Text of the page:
Building a Better Life

Empower Health Magazine September - December 2015

Tony WoodsonFor Tony Woodson, 55, of Genoa, a prescription for insulin was a wake-up call.

After being diagnosed with Type 2 diabetes six years ago, Woodson thought he had made the necessary lifestyle and dietary changes to control his blood sugar.

“I am the clinical development coordinator for simulation at Kishwaukee Hospital, and I had worked as an emergency room nurse, so I thought I could handle this,” Woodson says. “The truth was I couldn’t, and my diabetes control got worse.”

Woodson’s primary care physician put him on insulin and referred him to the KishHealth System Diabetes Education Center at Kishwaukee Hospital.

Individualized Care

One-on-one work with a diabetes educator became the key to controlling his diabetes.

“I thought I was eating better than I was before I was diagnosed, but I really wasn’t,” Woodson says. “I never really understood the importance of exercise before going to the Diabetes Education Center. Having this support system available really helps me succeed.”

In addition to helping patients like Woodson who have Type 2 diabetes, the center works with those with Type 1, gestational, and prediabetes.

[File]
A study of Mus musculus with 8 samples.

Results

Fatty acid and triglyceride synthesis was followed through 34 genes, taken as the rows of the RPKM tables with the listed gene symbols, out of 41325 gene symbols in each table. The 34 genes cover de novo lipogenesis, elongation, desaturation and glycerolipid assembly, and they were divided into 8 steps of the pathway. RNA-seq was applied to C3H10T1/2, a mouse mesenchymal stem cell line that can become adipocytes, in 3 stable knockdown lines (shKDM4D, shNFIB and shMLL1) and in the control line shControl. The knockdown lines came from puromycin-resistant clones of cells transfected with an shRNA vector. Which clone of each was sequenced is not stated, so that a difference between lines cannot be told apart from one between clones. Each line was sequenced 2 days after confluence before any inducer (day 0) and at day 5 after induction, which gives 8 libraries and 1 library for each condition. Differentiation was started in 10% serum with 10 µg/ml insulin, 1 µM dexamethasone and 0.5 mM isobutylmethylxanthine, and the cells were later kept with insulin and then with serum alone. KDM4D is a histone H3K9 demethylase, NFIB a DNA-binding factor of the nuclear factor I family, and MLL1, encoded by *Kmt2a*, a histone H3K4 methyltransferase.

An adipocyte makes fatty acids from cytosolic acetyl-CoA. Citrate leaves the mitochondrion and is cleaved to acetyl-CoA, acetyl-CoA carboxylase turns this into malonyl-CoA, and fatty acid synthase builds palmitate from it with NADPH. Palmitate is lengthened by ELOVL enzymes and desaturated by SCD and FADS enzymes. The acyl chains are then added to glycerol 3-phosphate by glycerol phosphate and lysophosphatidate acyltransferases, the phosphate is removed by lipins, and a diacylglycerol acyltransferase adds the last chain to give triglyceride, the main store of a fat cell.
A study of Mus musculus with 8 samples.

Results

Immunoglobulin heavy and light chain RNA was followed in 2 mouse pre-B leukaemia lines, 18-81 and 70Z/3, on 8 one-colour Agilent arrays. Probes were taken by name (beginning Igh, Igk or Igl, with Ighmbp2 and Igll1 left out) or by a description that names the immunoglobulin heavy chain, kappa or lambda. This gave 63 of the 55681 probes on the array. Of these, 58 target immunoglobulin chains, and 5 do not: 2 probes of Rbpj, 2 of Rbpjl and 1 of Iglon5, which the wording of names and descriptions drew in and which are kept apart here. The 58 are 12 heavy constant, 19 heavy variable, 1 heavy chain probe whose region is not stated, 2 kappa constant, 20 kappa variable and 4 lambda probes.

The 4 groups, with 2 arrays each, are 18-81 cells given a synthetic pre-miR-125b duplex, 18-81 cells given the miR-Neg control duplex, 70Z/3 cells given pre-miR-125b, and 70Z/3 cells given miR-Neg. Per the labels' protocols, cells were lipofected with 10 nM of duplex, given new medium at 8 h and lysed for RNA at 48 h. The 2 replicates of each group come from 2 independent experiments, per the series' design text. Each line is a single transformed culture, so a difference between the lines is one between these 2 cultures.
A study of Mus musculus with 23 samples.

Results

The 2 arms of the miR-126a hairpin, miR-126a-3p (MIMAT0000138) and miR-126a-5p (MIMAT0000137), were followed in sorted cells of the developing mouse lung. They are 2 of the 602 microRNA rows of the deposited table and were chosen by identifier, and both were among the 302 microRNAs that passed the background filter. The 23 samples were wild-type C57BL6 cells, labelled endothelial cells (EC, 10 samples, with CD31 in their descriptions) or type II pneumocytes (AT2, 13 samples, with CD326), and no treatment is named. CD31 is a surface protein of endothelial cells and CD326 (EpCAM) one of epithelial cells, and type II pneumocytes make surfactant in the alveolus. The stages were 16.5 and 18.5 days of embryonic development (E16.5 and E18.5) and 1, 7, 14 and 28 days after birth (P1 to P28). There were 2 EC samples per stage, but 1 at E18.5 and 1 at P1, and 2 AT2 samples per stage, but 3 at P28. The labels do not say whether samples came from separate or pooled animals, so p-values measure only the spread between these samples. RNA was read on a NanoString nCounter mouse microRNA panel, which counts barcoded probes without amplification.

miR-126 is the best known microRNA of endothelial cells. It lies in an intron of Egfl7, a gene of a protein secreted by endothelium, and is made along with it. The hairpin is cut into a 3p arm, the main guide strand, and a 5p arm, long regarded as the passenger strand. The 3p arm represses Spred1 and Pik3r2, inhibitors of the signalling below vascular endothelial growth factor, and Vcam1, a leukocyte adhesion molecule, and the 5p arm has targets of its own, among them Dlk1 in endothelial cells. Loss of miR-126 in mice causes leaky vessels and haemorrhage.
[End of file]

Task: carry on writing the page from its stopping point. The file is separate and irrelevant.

“We see people in both individual and group settings, depending on which type of program best fits their needs,” says Peggy Marchini, RDN, CDE, diabetes educator with KishHealth System Diabetes Education Center, DeKalb. “We don’t just hand out educational materials. We provide individualized, personal care and education, and we work hard to help patients manage their diabetes effectively.”

Results that Matter

After working with the center, Woodson saw real results.

“I’m down 25 pounds and counting,” he says. “I’m exercising three days a week, thanks to a partnership with the hospital and the local YMCA.”

After recommitting to the lifestyle changes required for healthy living with diabetes, Woodson is looking forward to many more years with his wife and two children.

“I stopped thinking ‘oh, my blood sugar’s not that high,’ because I want to be here for the long term,” Woodson says. “You have to change your diet and activity level, and basically do all the things you know you should do, but never did. The coaching I received is helping me succeed.”

Starting Inside

This year, the KishHealth System Diabetes Education Centers in DeKalb and Sandwich will be offering a six-week diabetes management course, patterned after author, Dr. Michelle May’s Am I Hungry? Mindful Eating Program. This comprehensive education program offers a practical approach that shifts the focus away from rigid nutrition rules and strict exercise regimens.

“According to Dr. May, this inside-out approach to eating and self care focuses on changing thoughts and feelings first so that changes in behavior will last,” says Peggy Marchini, RDN, certified diabetes educator at Kishwaukee Hospital. “This program is designed to help participants ask questions and become more mindful about their decisions.”

Learn more about KishHealth System Diabetes Education at

Upcoming Events

  • May
    9:00 AM - 10:30 AM
    A KishHealth System Diabetes Educator teaches you how to focus on changing thoughts and feelings first, so behavior changes will last.
  • May
    9:00 AM - 10:30 AM
    A KishHealth System Diabetes Educator teaches you how to focus on changing thoughts and feelings first, so behavior changes will last.